Thoughts on business models and technical requirements
The amount of data available is at an all-time high – data has become an important raw material that is of high importance in almost every industry sector worldwide. Thereby a vital data economy and a successfully working Data-Services Ecosystem in Europe is one of the factors to enable and ensure sustainable employment and growth, and thereby societal stability and well-being. To keep up with international competition and help making global supply chains sustainable and more efficient we will need to adopt data-driven innovation and digital transformation.
To share personal and proprietary data within a data market, trust is a prerequisite for participants to be safe. This is not only a matter of technological development – also a sound legal and ethical foundation is necessary. In addition, viable and feasible business models are fundamental. Platforms to trade and exchange data in a trustworthy and secure way need to be built, accompanied by clear legal and ethical frameworks. Within them, it should be possible to offer and easily use data based services and related software and tools or receive training to improve the knowledge and skills of data professionals. There is a need of places that enable the connection between industries as well as the connection between industry and science and thereby enable the exploration of other marketplaces and data spaces.
Within TRUSTS we try to support these needs and necessary developments. Collaboratively with other actors in the European network we aim at sustainable innovations.
Data as a product – disruptive business development
A wide variety of business models for data marketplaces exist. TRUSTS has the ambition to create a data marketplace platform and federate additional ones. Therefore, it is essential to develop a broad and grounded understanding of the breadth of those business models that exist today and emerge in the future. Against this backdrop, deliverable D7.1 “Sustainable Business Model for TRUSTS Data Marketplace I” seeks to develop an understanding of the business model options of data marketplace platforms.
Following this, you can read about first strategic steps on how to transform the platform into a sustainable ecosystem in D7.7. Since data sharing is needed in the data economy to make data available for companies that wish to develop smart systems and innovative services, the ecosystem thought will be most relevant for the future path of European economy. While digital markets for trading data emerge, there is no consolidated understanding of how to price data products, offering incentives to data vendors for sharing data.
TRUSTS supports the emergence of a European data ecosystem, based on secured, safe and GDPR-compliant data exchanges and aims to develop a platform supporting these exchanges. Therefore, guidelines on how Intellectual Property Rights (IPR) will be managed by TRUSTS were developed within the first half of the project.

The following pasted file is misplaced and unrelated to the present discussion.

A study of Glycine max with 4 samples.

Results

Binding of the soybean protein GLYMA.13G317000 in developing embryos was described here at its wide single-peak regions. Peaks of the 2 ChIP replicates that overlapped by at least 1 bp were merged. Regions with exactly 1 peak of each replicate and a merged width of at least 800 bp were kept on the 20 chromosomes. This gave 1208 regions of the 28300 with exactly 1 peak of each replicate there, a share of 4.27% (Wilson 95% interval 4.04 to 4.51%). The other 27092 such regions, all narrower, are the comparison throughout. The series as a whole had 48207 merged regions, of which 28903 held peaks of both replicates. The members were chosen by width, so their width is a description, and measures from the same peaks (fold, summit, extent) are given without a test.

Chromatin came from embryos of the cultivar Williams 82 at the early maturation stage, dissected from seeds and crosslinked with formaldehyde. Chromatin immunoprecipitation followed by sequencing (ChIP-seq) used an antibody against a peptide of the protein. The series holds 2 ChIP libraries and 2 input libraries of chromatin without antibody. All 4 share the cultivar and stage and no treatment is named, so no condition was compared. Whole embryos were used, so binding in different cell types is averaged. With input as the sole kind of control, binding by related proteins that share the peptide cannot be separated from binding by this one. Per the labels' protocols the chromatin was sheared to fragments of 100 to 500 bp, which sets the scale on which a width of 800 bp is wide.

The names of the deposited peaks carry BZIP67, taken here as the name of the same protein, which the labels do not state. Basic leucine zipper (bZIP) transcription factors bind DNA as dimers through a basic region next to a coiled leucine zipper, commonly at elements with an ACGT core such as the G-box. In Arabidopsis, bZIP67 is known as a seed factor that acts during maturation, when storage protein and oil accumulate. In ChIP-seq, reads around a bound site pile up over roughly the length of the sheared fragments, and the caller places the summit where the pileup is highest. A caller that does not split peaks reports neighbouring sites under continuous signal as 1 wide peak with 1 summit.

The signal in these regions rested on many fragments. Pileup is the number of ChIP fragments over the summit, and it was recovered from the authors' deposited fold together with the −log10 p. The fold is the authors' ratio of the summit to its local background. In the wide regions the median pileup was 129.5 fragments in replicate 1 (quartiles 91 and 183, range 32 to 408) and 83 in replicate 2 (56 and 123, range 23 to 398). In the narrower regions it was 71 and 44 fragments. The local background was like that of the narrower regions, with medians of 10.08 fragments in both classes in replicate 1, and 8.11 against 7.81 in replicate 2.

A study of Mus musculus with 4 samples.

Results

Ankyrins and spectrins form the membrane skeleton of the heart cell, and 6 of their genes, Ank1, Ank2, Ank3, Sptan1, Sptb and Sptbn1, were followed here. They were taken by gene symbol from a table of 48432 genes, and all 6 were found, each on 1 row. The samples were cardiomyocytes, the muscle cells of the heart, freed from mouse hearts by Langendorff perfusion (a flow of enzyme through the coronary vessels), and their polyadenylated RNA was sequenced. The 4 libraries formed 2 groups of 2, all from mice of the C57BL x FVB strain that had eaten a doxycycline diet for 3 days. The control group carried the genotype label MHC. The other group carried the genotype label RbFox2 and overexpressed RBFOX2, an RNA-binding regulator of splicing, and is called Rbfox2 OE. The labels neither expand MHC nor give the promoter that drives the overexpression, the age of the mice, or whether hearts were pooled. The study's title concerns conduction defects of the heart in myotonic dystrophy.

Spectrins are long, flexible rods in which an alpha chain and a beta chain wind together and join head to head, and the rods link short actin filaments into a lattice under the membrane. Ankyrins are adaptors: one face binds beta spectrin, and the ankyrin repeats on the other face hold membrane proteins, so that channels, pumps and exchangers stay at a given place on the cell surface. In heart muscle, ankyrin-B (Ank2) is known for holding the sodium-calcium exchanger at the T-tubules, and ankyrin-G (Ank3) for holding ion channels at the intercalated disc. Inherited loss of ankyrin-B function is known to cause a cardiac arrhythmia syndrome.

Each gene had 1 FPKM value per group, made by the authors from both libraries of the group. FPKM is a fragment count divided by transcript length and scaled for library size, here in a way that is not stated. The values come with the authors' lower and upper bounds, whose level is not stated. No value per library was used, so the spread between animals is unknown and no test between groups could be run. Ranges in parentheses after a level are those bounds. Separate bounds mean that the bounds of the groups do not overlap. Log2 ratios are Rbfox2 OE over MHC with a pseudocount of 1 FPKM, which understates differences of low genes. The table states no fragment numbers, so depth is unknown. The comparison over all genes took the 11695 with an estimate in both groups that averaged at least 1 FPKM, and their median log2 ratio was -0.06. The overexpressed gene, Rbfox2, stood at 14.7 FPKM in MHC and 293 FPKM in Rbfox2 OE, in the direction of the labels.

Functionality and requirements
To ensure that we target real market needs and work with up-to-date requirements, we collected the current state and relevant trends on the topic of data marketplaces. Therefore, we created a general overview on both, the academic view on the current state and different facets of data marketplaces in their “natural habitats”.
Read more in D2.1
From metadata to recommender systems – TRUSTS’ technical side
The TRUSTS project aims to develop a platform for trading data and data services in a trustworthy and reliable manner, which will enable a data economy in which privacy and security are at the forefront. The architectural design of the TRUSTS platform requires the orchestration of different components, which in turns necessitates the exchange of information in a consistent manner. During the first 18 months of this project, the experience of the different partners was collaboratively used to refine functional and architectural requirements and to put together a first prototypical implementation of the TRUSTS platform. From these experiences, the needs for metadata exchange were further tested and specified. D3.7 reports on the different uses that will be done of the TRUSTS Knowledge Graph, the specific metadata requirements of each of these as well as related metadata schemata.
Data has two major drawbacks, which prevent them from fulfilling its transformational potential. Firstly, high-quality data is hard to come by and secondly it is even harder to extract valuable information from it. Establishing a trusted marketplace for data, which is the vision of TRUSTS, would be a possibility to adress these drawbacks. To drive down transaction costs and to reduce the potential of market failure, a brokering instance in form of a recommender system is needed.
Which place will all of this take within Europe’s Data Economy?
To help people to acquire data-related skills TRUSTS will offer training programs to allow SMEs and large Enterprises to apply the TRUSTS Data Market platform within their business model. A first concept for a training and capacity building programme was developed lately. The aim is to build up sustainable competence in data market and its use.
You can find all of the TRUSTS deliverables in our deliverable section deliverable section.
TRUSTS will explore and develop its sustainability plan in open discussion with stakeholders from large, small, and medium enterprises, as well as with existing non-governmental organisations. If you are interested, have feedback or just want to talk – let us know!